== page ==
FNBB raises red flags on credit

Wary: Bogatsu is keeping an eye on the numbers PIC: PHATSIMO KAPENG
Wary: Bogatsu is keeping an eye on the numbers PIC: PHATSIMO KAPENG

The country’s largest lender, First National Bank Botswana (FNBB), is sounding the alarm on growing over-indebtedness and arrears amongst individuals in the country.

As at December 31, 2019, individual customers owed FNBB P9.4 billion or about 60% of the bank’s total loan book.

For the six months ended December 31, 2019, total loans advanced by FNBB to its individual customers rose 9.6 percent, while impairments amongst individual customers rose 43% to P121.3 million.

Impairment is an accounting term used when it is likely that not all of the principal and interest of a loan will be collected.

Non-performing loans, or those where payments have been skipped, were pegged at P1.17 billion by December 2019, compared to P1.14 billion in June 2019.

FNBB CEO, Steven Bogatsu said the trend was worrying and showed that consumers are under pressure, augmenting their income based on credit.

“We have people close to retirement still borrowing mostly to take care of their families which could be leading to impairments. This is a risky space that requires a lot of caution,” he said, presenting the bank’s recent financials.

 “We have a serious problem of non-performing loans and currently have about 400 houses under repossession.

“We have put in place a collection team that will also focus on rehabilitating customers.”

Bogatsu said the increase in the impairment provision was expected under the retail banking sector, which comprises individual customers, as opposed to organisations and corporates.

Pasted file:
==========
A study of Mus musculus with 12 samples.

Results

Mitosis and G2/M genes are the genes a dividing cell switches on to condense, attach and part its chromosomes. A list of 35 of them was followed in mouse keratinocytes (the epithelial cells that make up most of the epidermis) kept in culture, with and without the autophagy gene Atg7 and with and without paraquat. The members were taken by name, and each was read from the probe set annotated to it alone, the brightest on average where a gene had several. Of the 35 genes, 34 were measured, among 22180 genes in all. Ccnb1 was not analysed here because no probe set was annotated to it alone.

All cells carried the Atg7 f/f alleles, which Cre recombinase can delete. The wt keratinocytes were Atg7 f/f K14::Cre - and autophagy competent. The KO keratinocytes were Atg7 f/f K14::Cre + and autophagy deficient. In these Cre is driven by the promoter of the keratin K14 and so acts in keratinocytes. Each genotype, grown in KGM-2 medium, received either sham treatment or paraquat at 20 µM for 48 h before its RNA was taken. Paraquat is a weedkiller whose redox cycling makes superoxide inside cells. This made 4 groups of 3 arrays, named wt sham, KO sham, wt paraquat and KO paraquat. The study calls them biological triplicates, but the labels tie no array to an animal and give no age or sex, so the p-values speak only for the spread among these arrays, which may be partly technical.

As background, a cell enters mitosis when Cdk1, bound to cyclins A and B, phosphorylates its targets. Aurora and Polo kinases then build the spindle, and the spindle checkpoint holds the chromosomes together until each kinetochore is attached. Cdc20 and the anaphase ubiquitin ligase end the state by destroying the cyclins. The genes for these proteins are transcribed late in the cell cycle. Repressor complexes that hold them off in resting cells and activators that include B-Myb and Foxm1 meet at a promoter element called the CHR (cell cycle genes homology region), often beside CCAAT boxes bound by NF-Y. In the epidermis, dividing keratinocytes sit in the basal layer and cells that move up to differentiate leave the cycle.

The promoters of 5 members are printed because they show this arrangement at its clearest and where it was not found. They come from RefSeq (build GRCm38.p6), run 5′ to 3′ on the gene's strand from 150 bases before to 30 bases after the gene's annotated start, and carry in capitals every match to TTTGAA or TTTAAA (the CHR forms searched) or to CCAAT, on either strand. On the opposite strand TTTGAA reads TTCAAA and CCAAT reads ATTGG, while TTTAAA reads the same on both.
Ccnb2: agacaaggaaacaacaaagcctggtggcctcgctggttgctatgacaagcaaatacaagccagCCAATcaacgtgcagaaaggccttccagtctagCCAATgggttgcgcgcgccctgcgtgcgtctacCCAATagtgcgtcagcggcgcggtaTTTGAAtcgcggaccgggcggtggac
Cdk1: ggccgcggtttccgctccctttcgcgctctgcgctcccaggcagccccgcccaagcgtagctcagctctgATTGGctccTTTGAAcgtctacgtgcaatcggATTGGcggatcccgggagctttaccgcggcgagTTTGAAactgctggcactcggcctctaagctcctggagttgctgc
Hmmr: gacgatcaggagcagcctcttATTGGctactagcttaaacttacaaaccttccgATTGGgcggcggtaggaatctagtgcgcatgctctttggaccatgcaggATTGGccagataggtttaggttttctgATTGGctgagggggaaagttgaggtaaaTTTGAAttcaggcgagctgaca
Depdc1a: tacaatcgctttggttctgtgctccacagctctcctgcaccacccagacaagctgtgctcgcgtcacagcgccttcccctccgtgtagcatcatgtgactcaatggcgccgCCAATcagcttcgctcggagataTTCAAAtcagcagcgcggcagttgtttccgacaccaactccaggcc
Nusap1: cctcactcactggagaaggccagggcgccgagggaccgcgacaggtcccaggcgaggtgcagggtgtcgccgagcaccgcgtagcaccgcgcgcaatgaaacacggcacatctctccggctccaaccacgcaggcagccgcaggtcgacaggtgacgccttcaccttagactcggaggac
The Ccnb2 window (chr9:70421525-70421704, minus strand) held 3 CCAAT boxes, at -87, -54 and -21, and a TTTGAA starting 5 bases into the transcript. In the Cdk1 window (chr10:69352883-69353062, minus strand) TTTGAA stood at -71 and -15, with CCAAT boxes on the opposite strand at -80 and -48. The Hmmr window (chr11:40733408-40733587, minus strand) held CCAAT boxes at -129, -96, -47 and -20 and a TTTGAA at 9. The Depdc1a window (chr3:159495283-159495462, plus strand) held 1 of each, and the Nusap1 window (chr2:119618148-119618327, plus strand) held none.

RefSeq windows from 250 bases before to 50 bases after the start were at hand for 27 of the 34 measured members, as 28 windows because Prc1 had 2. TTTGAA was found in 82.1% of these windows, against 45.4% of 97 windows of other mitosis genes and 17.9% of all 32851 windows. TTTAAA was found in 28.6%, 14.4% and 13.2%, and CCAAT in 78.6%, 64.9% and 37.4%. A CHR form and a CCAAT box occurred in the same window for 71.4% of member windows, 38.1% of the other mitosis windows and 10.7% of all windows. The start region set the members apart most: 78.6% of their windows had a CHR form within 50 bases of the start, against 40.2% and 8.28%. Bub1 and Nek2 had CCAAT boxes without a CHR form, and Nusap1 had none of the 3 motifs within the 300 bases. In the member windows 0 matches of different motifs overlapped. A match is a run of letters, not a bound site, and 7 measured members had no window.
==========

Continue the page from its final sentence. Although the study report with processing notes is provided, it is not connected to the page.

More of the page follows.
“The impairment charge was further increased by the rise in retail personal loans which in turn carry higher expected credit loss provisions at initial origination,” he said.

Bogatsu said arrears on loans in the broader banking sector continue to be concentrated amongst households and businesses and were expected to mildly increase in the short term.

According to notes accompanying FNBB’s results for the six months ended December 2019, the bank intentionally cut back lending on ‘high risk accounts’ in its business portfolio.

Loans to the business sector retreated to P2.6 billion by December 2019, from P2.9 billion as at December 2018. Impairments of loans under FNBB’s business sector amounted to P42.6 million from P48.5 million in the previous corresponding period.

While executives expressed concern, FNBB will take comfort from ratios showing that gross advances of loans to gross impairments of advances are down, as are gross advances to Non-Performing Loans. 

Over the reporting period, the bank recorded a 13% increase in pretax profit at P554.6 million.